College tuition is up 33% since 2000: How to cope with rising costs
Student loan debt is a burden that weighs more heavily on today's college graduates than any generation that came before them. With the rising costs of higher education and wages that don't track with inflation, young Americans are struggling to save for financial milestones like buying a house.
But despite rising college costs, students are optimistic about their financial futures, according to a May 2021 survey from AIG. Three in five college students say they are prepared to manage their money, and their salary expectations have increased, as well.
If you or someone in your family is considering going to college, it's important to find ways to cut costs as a way to cope with rising tuition and college debt, from applying for scholarships to shopping around for the lowest student loan rates for your situation. Visit Credible to learn more about student loans and compare interest rates across lenders.
A college education is becoming more expensive than ever before. Tuition has increased 33% from $18,992 in the 2001-02 school year to $27,357 for the 2078-18 school year, per data from the National Center for Education Statistics.
Here are a few things that are contributing to rising college costs:
- State funding for higher education is falling. Between 2008 and 2018, states spent 41% less per student on public higher education. Students and their families are tasked with making up the difference.
- High school graduates tend to overvalue the return of college degrees. The No. 1 reason why students aspire to earn a college degree is to improve their earnings potential, explains the "Golden Ticket" theory. But with rising college costs, the return on investment may not be worth it, depending on the amount of debt that needs to be taken out for the degree earned.
- Demand for a college education continues to rise. Although enrollment is slightly down since its peak at 21 million in 2010, it's increased by 5.9 million between Fall 1990 and Fall 2020.
As a result of rising tuition costs, college students have to borrow more money to pay for their education. Outstanding student debt more than tripled between 2006 and 2021, from $481 million to $1.74 trillion, per Federal Reserve data.
While the current climate for college tuition and student loan debt may seem bleak, that won't stop high school graduates from seeking higher education. If you're trying to figure out how to pay for college amid a record-high price tag, but you don't qualify for grants and scholarships, consider these tips for cutting costs.
Shop around to compare student loan interest rates
When borrowing money to pay for college, you have two options: Federal student loans and private student loans.
Federal student loans are backed by the Department of Education. They have low, fixed interest rates and offer forbearance, deferment, and income-driven repayment plans, all of which can help borrowers who can't afford to pay their loans right out of college.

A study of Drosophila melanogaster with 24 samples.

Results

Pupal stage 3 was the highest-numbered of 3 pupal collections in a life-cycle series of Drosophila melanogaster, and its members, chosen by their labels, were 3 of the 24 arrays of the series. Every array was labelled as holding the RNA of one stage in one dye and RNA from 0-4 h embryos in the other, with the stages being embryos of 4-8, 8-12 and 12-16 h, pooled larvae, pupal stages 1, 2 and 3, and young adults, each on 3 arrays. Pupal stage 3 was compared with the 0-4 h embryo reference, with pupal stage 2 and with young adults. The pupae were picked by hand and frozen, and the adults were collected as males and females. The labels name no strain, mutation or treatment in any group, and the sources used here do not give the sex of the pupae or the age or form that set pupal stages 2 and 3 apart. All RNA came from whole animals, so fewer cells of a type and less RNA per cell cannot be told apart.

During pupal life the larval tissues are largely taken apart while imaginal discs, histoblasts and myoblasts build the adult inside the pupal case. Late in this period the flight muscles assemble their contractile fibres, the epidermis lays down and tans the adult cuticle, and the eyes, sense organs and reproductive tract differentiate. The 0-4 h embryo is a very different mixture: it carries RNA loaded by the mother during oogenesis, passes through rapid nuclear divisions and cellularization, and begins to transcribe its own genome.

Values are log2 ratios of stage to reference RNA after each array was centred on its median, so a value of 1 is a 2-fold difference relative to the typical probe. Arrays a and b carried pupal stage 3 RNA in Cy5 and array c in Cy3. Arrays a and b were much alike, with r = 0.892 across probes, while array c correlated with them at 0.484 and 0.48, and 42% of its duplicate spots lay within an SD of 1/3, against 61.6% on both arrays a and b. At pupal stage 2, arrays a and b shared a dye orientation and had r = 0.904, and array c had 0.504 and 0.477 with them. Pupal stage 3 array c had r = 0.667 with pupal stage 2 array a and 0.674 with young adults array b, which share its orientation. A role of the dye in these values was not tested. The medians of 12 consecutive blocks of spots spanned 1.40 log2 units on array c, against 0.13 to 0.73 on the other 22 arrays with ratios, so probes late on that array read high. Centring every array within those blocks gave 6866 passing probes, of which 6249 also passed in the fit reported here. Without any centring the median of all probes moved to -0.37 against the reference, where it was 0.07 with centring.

Private student loans are offered by banks. They typically have fixed interest rates, which are currently low. Borrowers with good credit will be eligible for the best student loan rates.
For many borrowers, federal student loans will be the best choice. But it's still important to explore all your options before you borrow. You can compare private student loan rates without affecting your credit score on Credible's online marketplace.
Take advantage of the low cost of community college
Community college comes at a low cost, and it might be even cheaper in the future. President Biden included free community college in his newest budget proposal, which hasn't made it through Congress as of publishing.
Aspiring college students could consider attending a community college for a few years and then transferring to a four-year institution to save money.
Some community colleges even offer classes to students who are still enrolled in high school, giving them a chance to earn college credits before filling out university applications. Plus, don't forget about enrolling in Advanced Placement (AP) courses while in high school to earn college credits.
Already have student loans? Now is a good time to refinance to a lower rate. 10-year private student loans hit a record-low rate during the week of May 17, 2021 dropping to 3.56%. Take advantage of a student loan refinancing calculator to see how much you could save with a lower interest rate.
If you're looking to refinance your student loans, compare potential interest rates across multiple lenders at once on an online marketplace like Credible. This can help you shop around for the lowest possible interest rate for your situation.
Borrowers with federal student loans may want to think twice before refinancing their loans, though. Refinancing to private student loans means you'll lose federal protections like deferment, forbearance, and maybe even student loan forgiveness.
College graduates who are employed by a federal, state, or local government or nonprofit organization may be eligible for Public Service Loan Forgiveness. This program forgives the remaining balance of your federal student loan debt after you've made 120 qualifying monthly payment plans while working full-time for a qualifying employer. According to the AIG study, 44% of students will try to qualify for a student loan forgiveness program.
Not all borrowers will be eligible for this type of loan forgiveness, though. And since federal student loan debt forgiveness is becoming less likely to come to fruition, it may not be worth it to wait around for forgiveness measures while your student loan debt accrues interest.
To figure out how to pay for college or what you should do with your student loans, get in touch with an experienced loan officer at Credible.